Boy Scouts To Release Perversion Files

The Boy Scouts of America are set to take their “perversion files” to police departments across the country.

The Associated Press reports that the organization has kept records of suspected pedophiles for the last century. The ineligible volunteer files, or perversion files, were used to keep sex offenders out of the organization. The Boy Scouts have now been ordered to releases its files between 1965 to 1985. Scouts spokesman Deron Smith said that the organization will go back through its files and report any suspected pedophiles it may have missed the first time around.

Police One reports that the scouts have been keeping records since about 1910, and most of those records remain private. Some of the files, which were recorded during the 70s and 80s, were released in 1991 and showed that the Scouts failed to disclose several sex abuse cases to the police.

The perversion files were put back in the spotlight in 2010 when the Boy Scouts were successfully sued for$20 million for failing to protect a former scout from his pedophile Scoutmaster.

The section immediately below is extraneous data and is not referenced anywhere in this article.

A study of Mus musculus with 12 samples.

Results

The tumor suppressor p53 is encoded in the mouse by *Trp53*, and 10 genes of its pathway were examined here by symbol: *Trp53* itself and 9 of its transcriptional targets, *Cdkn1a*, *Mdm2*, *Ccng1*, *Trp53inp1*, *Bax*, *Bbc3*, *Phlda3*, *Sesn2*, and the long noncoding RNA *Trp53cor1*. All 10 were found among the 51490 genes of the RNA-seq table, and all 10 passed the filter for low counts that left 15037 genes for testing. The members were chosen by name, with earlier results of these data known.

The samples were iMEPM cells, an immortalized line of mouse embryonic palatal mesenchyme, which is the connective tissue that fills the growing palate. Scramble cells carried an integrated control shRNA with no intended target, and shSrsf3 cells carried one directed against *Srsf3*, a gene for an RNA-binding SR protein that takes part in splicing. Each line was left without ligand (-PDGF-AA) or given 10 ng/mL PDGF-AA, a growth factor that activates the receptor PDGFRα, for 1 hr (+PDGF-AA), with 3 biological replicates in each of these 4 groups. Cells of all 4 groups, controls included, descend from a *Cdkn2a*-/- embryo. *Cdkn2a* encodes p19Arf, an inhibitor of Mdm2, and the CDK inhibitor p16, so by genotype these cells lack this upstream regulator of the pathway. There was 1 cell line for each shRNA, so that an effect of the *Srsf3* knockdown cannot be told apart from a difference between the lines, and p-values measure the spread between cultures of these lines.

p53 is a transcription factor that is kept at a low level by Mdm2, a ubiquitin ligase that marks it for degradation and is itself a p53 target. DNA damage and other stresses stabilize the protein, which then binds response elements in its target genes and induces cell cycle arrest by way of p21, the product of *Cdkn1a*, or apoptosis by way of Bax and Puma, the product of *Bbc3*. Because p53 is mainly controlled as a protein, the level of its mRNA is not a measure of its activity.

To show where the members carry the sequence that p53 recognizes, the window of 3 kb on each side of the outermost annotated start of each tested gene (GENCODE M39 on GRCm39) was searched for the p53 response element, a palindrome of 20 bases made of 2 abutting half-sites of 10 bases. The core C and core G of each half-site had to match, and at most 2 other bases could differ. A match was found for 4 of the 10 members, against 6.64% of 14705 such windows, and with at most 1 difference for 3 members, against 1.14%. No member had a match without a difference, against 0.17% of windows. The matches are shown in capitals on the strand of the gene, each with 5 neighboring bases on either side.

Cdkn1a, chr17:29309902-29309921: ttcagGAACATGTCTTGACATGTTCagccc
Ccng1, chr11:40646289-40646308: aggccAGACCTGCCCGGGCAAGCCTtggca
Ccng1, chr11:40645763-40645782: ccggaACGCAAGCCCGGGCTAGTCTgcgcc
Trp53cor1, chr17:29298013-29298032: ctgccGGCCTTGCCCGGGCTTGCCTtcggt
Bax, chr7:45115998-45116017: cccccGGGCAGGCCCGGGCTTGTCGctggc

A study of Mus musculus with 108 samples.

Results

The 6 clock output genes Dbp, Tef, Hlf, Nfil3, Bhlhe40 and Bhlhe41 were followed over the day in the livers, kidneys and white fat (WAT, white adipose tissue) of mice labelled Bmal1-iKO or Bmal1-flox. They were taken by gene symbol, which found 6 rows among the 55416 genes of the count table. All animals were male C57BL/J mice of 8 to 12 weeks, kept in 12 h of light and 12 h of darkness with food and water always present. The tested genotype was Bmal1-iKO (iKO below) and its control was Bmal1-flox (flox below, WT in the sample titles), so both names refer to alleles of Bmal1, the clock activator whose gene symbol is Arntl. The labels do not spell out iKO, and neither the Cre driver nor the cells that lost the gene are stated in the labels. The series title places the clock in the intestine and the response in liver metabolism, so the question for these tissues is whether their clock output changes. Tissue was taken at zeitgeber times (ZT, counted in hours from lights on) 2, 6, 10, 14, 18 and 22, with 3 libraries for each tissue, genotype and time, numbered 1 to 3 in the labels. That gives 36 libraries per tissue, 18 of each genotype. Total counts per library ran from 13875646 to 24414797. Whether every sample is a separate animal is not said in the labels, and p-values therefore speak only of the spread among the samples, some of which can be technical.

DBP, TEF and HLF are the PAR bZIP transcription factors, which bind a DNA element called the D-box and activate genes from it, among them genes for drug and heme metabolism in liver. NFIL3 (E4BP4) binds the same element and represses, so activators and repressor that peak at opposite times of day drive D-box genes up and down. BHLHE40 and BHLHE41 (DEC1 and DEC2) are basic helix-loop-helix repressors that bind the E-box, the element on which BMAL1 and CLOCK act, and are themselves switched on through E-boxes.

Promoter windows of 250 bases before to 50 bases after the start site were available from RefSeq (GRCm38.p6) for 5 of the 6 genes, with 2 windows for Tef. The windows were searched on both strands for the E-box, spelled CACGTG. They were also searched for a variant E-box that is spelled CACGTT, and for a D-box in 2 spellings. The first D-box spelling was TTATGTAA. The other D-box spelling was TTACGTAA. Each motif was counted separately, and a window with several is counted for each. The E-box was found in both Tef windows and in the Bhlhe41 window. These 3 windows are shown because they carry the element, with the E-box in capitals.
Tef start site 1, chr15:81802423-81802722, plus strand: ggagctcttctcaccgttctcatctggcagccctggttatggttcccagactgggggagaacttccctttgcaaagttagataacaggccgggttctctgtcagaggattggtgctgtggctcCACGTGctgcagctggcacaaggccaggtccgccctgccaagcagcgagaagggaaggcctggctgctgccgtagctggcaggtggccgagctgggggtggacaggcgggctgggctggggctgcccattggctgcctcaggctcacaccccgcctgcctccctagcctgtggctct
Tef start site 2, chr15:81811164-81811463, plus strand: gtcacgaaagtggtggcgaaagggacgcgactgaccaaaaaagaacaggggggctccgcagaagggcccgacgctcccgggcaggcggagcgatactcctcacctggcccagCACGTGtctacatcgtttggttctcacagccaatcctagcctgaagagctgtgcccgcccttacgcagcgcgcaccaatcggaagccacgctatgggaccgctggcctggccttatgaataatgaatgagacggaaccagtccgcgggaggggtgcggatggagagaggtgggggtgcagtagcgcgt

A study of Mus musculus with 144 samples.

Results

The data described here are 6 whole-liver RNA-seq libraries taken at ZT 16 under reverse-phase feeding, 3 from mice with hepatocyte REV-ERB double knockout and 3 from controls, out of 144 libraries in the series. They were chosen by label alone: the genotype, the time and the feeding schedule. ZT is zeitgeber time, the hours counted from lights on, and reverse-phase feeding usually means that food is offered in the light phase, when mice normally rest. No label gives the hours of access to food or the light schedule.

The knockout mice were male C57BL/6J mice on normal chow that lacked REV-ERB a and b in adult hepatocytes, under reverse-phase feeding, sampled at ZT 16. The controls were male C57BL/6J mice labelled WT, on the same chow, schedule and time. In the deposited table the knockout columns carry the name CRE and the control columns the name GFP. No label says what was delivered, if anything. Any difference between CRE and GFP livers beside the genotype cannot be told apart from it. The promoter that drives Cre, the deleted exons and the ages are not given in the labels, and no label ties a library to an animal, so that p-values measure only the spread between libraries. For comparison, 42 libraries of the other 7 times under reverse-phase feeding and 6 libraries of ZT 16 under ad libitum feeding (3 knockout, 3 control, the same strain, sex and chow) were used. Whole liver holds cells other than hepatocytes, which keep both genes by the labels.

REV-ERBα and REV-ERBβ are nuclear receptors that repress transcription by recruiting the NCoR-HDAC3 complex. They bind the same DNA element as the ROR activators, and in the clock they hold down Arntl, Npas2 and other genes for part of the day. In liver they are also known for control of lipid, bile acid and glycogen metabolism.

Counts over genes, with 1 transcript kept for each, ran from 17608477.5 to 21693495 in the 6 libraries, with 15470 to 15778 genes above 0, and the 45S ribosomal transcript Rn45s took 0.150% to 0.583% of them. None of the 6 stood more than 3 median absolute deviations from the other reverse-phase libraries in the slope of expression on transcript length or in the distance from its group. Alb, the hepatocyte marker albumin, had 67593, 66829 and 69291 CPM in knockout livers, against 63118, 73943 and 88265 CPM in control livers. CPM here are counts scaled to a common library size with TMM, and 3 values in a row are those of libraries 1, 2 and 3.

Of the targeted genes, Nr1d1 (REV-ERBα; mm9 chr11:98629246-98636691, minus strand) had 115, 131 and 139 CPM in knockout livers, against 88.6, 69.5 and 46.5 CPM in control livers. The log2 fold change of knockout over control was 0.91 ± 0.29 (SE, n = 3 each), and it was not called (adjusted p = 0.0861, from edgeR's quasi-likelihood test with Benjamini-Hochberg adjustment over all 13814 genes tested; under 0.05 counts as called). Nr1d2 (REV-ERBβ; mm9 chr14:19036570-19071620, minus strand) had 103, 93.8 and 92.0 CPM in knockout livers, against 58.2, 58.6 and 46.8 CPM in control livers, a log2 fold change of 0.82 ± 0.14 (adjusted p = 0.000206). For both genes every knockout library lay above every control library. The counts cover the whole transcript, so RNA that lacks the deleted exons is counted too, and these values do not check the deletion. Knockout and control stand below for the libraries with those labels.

The Oregon Supreme Court recently ruled that the Boy Scouts will have to release their perversion files from before 1971. The Scouts will also go over files that have already been released to make sure that all suspected pedophiles are reported.

According to the Associated Press, the new perversion files is expected to contain tens of thousands of pages of confidential documents and approximately 1,500 more victims between 1965 and 1985.

Kelly Clark, a Portland attorney involved in the 2010 case against the Boy Scouts, said that the organization has gathered this important information for the last century but has failed to do anything productive with it.

Clark said:


The Scouts admitted last week that they had not done enough to protect its members.

The Boy Scouts of America said in a statement:

“In some instances we failed to defend Scouts from those who would do them harm … There have been instances where people misused their positions in Scouting to abuse children, and in certain cases, our response to these incidents and our efforts to protect youth were plainly insufficient, inappropriate, or wrong.”